Ombudsman: Council 'still failing' family of man with special educational needs

Redbridge Town Hall

Redbridge Council said it disputed the ombudsman's conclusions but would consider the recommendations. - Credit: Archant

Redbridge Council repeatedly failed the family of a 20-year-old man with special educational needs, according to an ombudsman.

The Local Government and Social Care Ombudsman (LGSCO) this week published two separate reports concerning complaints made by the family. 

The ombudsman criticised the council for failing to carry out a previously agreed remedy following an earlier complaint and said it removed aspects of the man’s health provision from his Education Health and Care (EHC) plan. 

It has advised the council to pay the family £1,700, but the authority said it disputed the conclusions.

Ombudsman Michael King revealed that the watchdog had been investigating problems faced by the family since as early as 2010. 



“That it is still failing them is incredibly disappointing and I call on it to review why this is and apologise. 


“I urge it to accept the improvements I have recommended to the services it provides to families of children and young adults with special educational needs in the borough.” 

A council spokesperson said: "On this occasion, we believe the LGSCO has made a judgement based on their perception of the role of local authorities in meeting the needs of students with special educational needs, rather than what our duties and responsibilities actually are in the Special Educational Needs Code of Practice."

The ombudsman’s first report relates to a 2019 complaint, which saw Redbridge agree to conduct an annual review of the man’s Education Health and Care (EHC) Plan by the end of January 2020.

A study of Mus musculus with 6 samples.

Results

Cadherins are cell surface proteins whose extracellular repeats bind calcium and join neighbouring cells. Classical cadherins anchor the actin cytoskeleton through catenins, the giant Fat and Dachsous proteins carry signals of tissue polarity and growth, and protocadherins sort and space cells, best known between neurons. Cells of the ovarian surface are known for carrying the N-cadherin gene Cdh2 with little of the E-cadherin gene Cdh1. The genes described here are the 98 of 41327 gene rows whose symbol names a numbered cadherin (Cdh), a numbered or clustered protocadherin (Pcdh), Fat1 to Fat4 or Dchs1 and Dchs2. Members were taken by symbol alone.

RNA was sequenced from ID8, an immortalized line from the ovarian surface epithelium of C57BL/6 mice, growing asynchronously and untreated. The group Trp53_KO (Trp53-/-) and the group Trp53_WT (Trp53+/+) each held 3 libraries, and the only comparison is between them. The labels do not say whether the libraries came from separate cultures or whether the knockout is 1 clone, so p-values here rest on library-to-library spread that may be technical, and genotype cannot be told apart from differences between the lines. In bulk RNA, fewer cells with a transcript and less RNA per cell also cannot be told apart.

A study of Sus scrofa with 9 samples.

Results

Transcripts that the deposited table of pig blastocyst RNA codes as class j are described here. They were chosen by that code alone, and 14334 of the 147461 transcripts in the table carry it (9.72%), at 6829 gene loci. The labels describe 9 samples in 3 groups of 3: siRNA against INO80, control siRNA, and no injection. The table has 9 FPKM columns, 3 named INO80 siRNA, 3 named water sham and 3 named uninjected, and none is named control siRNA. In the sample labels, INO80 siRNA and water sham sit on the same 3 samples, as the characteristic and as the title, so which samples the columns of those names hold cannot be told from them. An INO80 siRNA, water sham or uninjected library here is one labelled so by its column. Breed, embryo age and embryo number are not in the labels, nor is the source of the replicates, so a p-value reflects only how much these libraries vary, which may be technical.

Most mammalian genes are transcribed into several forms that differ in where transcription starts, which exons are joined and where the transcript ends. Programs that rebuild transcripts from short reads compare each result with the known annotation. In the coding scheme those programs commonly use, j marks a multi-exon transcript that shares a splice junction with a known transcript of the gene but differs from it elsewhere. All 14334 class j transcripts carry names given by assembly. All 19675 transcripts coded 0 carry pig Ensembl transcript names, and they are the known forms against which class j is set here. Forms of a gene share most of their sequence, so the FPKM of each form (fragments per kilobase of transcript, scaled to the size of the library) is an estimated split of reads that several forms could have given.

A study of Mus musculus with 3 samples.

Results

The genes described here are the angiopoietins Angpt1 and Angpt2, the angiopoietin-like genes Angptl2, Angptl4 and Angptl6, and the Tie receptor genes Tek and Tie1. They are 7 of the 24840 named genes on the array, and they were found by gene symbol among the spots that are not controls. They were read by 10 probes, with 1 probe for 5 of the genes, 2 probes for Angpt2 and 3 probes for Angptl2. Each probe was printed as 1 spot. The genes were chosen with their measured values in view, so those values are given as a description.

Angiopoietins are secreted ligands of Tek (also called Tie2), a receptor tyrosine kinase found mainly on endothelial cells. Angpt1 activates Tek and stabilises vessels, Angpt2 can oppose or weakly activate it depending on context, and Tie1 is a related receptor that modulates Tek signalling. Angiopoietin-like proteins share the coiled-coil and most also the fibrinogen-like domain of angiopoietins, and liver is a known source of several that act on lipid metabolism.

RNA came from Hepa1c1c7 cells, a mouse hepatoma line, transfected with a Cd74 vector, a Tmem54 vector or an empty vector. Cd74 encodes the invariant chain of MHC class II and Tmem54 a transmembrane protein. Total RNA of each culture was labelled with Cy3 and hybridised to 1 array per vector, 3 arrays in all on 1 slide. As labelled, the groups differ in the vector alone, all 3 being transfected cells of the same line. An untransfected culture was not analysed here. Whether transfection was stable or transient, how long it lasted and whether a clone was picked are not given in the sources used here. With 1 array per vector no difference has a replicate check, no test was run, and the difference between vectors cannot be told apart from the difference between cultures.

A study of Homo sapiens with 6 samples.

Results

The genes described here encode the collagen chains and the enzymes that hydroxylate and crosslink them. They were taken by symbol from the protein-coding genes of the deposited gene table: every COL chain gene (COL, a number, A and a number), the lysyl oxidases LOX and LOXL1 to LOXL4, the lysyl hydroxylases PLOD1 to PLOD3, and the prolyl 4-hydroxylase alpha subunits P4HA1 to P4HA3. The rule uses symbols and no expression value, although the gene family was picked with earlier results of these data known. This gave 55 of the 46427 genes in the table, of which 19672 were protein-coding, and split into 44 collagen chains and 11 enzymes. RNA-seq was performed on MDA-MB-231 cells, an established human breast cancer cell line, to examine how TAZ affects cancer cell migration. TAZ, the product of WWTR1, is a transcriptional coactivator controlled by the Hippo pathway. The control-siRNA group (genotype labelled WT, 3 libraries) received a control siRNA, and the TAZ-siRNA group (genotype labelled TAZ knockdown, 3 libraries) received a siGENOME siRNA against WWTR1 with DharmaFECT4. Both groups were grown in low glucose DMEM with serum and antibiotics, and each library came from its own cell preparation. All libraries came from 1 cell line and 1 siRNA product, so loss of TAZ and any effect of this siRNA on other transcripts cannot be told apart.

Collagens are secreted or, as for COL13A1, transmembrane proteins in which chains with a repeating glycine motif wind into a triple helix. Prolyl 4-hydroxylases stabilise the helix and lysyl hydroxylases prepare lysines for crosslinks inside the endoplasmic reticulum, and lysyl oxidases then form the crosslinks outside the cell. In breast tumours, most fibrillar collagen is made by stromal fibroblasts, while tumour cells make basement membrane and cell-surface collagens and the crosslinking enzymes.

But the ombudsman said the council failed to carry out the remedy and did not provide it with the required evidence until threatened with a High Court witness summons. 

When the evidence was provided, the ombudsman described it showing that no new review had taken place, with the council relying on one carried out in July 2019. 

The second complaint saw the watchdog conclude the council failed to conduct an adequate review of the man’s EHC Plan in July 2018 and delayed issuing the plan. 

Some aspects of the man’s health provision – including immunisations, updating orthopaedic boots and dental treatment – were wrongly removed from his draft plan, according to the ombudsman.

Despite the family’s objections, the ombudsman said the council issued a final plan identical to the draft. 

It told the council to apologise to the family and pay £200 to recognise "the frustration and uncertainty" caused by its failure to comply with the agreed remedy. 

The council was also told to pay £750 to the man for "the lost opportunity to have his health needs considered properly" and a further £750 for the father’s "avoidable distress". 

The ombudsman also encouraged the council to arrange a meeting with the parents and the designated clinical officer, as well as review its processes for issuing amended EHC plans. 

Despite saying it disputed the ombudsman’s conclusions, the council said it would consider its recommendations. 

A spokesperson said: “First and foremost, the council always endeavours to act in the best interests of our residents. 

“We made all the necessary support available to the young person and their family at the time, though we recognise that the family did not access that support for reasons which were beyond the control of both the family and the local authority."

The spokesperson added that the council has engaged "in extensive correspondence" with the ombudsman about this case.  

But they said the council is disappointed after alleging that the ombudsman "chose not to consider the detailed evidence that we put forward". 

“Naturally we take all reports from the ombudsman very seriously.

“We would not wish to put any family in the middle of a difference of view between the local authority and the LGSCO.  

“Therefore, we will work with our partners in the NHS to consider the LGSCO recommendations because of the priority which we place on putting our residents first.”